Blend of Grass and Snow

An Unfortunate Blend of Obesity and Public Health Policies

Ximena Ramos Salas

Ximena Ramos Salas

One of the problems facing public health is the framing of public health policies as obesity prevention strategies. Such policies may be good for broader population health outcomes but may not have an effect on obesity. Another problem facing public health is the failure to recognize that obesity is a complex chronic disease.

No Simple Solutions

As a result, people don’t embrace the reality that solutions will not be simple (e.g., eat less, move more). Nutrition policies are not the sole solution. We need a mix of policies targeting prevention and management areas. Furthermore, the way we define obesity in public health is problematic. Continuing to focus on BMI as a proxy measure for obesity in public health policies is not helpful. It implies a focus on size rather than on health. Solely evaluating nutrition policies based on BMI outcomes could be hiding other benefits. Improvement in overall eating habits at the population level is an example that deserves attention. These policies should be evaluated for what they aim to change – dietary habits, reformulation of foods by industry, and more.

Driving Bias and Stigma

Let’s not use obesity as the hook for these public health policies. Implying that obesity (the disease) can be prevented solely by eating healthy and exercising is a big problem. That’s because it’s driving weight bias and stigma at the population level. Decades of research have shown that stigma is a key determinant of health that affects health and social inequities. We should use a weight bias lens when developing public health policies so that we can avoid unintended consequences.

For further perspective, click herehere, and here.

Today’s guest post comes from our friend Ximena Ramos Salas, Managing Director of the Canadian Obesity Network and a doctoral candidate in public health at the University of Alberta.

Blend of Grass and Snow, photograph © Ted Kyle / flickr


3 Responses to “An Unfortunate Blend of Obesity and Public Health Policies”

  1. January 02, 2018 at 12:38 pm, David Brown said:

    Identifying the determinants of of obesity means getting the science right. The current political and academic climate virtually guarantees that the global obesity epidemic will continue to be a problem. Epidemiologists are pitted against biochemists. Vegetarians and vegans inveigh against animal products. Low-carb enthusiasts demonize grain products and root vegetables. Meanwhile, various scientists and laypersons engaged in self experimentation are demonstrating the wisdom of self experimentation and an auto didactic approach to weight control. Two notable examples are Australian Andrew Taylor and Tennessean Bob Briggs. To be sure, the approaches are different and likely are appropriate for different metabolisms. What they have in common is weight loss and weight control without substantial discomfort. In other words, appetite becomes a non issue making weight control effortless.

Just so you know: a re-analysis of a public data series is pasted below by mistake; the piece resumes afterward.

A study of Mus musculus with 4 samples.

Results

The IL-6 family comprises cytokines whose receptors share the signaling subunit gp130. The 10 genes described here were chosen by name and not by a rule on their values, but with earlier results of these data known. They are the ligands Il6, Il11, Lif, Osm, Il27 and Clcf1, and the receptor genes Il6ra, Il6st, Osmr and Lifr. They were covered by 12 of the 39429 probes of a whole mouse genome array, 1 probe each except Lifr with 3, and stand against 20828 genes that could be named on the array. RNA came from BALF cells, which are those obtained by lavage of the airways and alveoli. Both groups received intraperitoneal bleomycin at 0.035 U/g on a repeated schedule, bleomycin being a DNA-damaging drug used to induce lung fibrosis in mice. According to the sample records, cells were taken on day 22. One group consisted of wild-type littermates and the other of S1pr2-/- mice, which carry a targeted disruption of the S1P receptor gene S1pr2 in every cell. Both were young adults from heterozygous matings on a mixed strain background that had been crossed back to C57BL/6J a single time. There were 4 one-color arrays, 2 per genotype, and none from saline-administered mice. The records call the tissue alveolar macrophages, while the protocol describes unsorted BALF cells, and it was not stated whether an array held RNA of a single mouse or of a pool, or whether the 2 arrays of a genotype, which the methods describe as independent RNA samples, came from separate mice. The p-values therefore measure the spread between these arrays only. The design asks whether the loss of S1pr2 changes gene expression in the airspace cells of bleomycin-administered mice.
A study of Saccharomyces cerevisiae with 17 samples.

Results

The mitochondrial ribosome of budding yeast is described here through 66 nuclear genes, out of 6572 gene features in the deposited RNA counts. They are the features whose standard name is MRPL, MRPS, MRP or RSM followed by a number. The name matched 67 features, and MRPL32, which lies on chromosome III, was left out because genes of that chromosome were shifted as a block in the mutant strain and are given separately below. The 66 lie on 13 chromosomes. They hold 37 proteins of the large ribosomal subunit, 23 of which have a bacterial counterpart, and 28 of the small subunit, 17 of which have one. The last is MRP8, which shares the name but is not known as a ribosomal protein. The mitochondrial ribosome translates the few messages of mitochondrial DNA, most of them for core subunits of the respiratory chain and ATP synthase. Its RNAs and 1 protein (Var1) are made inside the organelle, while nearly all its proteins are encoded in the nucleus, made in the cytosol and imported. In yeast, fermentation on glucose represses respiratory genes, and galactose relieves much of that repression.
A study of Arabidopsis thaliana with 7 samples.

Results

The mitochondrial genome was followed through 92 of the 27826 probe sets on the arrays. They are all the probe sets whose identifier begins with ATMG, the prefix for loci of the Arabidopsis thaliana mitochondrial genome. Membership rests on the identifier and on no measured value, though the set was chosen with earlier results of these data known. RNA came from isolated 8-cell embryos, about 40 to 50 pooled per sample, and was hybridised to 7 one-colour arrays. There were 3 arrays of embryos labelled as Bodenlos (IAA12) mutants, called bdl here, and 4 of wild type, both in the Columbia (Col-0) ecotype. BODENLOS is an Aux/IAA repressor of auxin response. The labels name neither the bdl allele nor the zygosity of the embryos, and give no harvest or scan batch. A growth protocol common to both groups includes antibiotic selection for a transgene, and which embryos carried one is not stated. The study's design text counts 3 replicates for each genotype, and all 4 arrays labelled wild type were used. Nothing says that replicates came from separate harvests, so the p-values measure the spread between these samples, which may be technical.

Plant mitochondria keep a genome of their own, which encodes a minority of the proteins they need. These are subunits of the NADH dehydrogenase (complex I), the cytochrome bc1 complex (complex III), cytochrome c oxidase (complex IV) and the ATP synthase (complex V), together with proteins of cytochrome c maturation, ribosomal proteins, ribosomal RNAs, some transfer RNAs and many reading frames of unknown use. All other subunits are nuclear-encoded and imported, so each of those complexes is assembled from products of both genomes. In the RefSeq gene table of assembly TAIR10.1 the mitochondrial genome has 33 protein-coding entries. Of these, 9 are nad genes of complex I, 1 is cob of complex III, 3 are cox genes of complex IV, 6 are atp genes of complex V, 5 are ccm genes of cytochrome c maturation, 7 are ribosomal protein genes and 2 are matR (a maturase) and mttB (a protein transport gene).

Google Spud Fit to learn about Andrew Taylor’s approach and Butter Bob to learn about Bob Briggs’s approach.

    • January 02, 2018 at 1:09 pm, Ted said:

      Thanks, David, for sharing this. My radar is triggered when I read about “making weight control effortless.”

  2. January 02, 2018 at 11:43 pm, Michael said:

    Thanks David and Ted. I think ‘effortless’ weight loss is the kind that does not rely on the application of willpower to resist the elevated hunger caused by normal neuro-endocrine signals in response to weight loss. The idea is to do what’s possible to change the signals rather than rely on endless efforts in resisting their effects.